Thursday, September 22, 2016

There's more to life than happy endings (and magic pixie dust)

There comes a point in every semester when a student wants to know why everything we read is so depressing, but usually it doesn't arrive quite this early.

I heard it most last spring in the postcolonial class: That movie we watched was such a downer. That story about the violence following Partition was so disturbing. Why do these poems have to be so serious?

And now I'm hearing the same complaints in my first-year seminar: Why are you making me read about disturbing history and injustice? Why can't something happy happen in these stories? Why so serious?

I never know what to say to these complaints. First, I challenge anyone to find a syllabus on which absolutely every reading can be characterized as depressing, even if we could agree on what that means, exactly. Life is difficult and injustice rampant so it shouldn't be surprising that our literature reflects those difficulties and shines a light on injustice, but even the readings students label depressing offer moments of transcendence or hope.

But really they're looking for happy endings. I think about the last time I saw a film in a movie theater; I first had to sit through twenty minutes of previews of films in which some unthinkable evil threatens to destroy everything we hold dear, but then along comes the latest superhero or superpower or magic spell to vanquish the evildoers, restore hope, and maybe even bring together the star-crossed lovers. In the end order is restored and everything gets neatly tied up, except for the occasional loose end left dangling until the sequel.

I don't know about your life, but my life doesn't work that way. I have no superheroes to call on, no magic to deploy; many of the strands of my life's plot resist clear resolution. Happiness pops up here and there but can't be beckoned at will, while deep meaning and comfort creep in during times of suffering and grief.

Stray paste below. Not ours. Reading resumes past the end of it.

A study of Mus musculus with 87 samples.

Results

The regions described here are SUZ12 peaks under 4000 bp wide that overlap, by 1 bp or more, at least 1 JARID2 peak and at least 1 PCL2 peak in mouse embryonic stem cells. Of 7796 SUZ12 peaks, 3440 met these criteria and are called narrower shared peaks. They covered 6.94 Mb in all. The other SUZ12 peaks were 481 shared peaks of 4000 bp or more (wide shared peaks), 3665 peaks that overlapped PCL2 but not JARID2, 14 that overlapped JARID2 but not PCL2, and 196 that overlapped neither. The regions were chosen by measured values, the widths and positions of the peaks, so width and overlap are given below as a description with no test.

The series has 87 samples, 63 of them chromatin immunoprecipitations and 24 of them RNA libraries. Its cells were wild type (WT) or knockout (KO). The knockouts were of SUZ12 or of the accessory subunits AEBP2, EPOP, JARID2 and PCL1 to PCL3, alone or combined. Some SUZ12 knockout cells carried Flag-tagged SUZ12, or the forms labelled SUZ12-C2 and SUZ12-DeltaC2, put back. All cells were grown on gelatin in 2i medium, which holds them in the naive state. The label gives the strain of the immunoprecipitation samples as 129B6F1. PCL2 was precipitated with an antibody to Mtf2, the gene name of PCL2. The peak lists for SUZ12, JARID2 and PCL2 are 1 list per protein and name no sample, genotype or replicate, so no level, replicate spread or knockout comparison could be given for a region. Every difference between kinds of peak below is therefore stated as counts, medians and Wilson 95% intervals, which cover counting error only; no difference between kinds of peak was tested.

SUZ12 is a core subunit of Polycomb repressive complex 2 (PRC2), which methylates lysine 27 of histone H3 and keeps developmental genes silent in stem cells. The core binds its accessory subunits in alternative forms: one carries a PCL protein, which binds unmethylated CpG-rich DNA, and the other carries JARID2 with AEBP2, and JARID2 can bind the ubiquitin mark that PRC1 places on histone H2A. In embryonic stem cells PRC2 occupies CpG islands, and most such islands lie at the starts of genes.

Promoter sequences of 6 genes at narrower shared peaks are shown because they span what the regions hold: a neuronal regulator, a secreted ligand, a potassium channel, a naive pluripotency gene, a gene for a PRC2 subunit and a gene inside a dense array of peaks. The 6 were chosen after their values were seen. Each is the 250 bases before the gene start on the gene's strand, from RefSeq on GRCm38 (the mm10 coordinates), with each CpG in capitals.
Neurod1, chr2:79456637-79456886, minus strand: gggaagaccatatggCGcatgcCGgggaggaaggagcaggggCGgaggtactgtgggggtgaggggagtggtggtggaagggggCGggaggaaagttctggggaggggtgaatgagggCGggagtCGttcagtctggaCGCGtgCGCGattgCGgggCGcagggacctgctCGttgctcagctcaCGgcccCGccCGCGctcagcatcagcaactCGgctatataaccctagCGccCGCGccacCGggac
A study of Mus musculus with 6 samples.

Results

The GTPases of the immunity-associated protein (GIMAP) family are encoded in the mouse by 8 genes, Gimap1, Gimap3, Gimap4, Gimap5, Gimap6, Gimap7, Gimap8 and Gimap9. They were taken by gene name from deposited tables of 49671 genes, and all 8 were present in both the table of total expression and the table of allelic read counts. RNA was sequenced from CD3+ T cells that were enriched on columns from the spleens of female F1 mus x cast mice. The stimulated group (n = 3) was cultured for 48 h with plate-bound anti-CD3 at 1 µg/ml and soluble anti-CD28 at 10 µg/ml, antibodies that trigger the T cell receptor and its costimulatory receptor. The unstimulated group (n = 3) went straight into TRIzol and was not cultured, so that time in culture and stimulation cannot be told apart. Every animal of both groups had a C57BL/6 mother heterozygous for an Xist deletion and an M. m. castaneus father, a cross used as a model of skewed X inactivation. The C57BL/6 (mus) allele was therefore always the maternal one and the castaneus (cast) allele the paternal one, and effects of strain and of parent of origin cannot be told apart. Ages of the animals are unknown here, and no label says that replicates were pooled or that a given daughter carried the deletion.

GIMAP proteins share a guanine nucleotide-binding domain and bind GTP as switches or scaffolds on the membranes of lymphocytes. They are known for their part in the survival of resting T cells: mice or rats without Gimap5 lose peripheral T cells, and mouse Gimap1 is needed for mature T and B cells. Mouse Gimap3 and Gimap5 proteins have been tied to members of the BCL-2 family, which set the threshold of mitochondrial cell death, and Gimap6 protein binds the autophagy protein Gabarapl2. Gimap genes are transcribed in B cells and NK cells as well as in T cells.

That's the kind of reality our current readings reflect, readings I find deeply moving and transcendently beautiful. If you're expecting some deus ex machina to swoop in and sprinkle magic pixie dust around to create a sparkly happy ending, then these readings are bound to disappoint--but depressing? I'm not feeling it. How can anyone be blue while surrounded by such beauty?


Bardiac said...

Maybe it's an age thing? I remember so much stuff I read when I was a kid had happy endings; someone always came along to make things all better.

The super hyped, world-threatening movies, they still have that "happy ending" and everyone knows how they'll end.

But when you're an adult, you realize it's all tragedy (though not all great tragedy), and that after the happy ending of the romantic comedy, there's inevitable sadness waiting down the road, if the story/movie went that far. And you adjust, and at some point, maybe you come to love Lear (or whatever other sad ending art) because you can handle deep grief in art?

Laura said...

Just quote Doctor Who at them: "What's so good about sad? It's happy for deep people."

Bev said...

Oh I like that! "Happy for deep people." Maybe it takes a little seasoning before we can get that.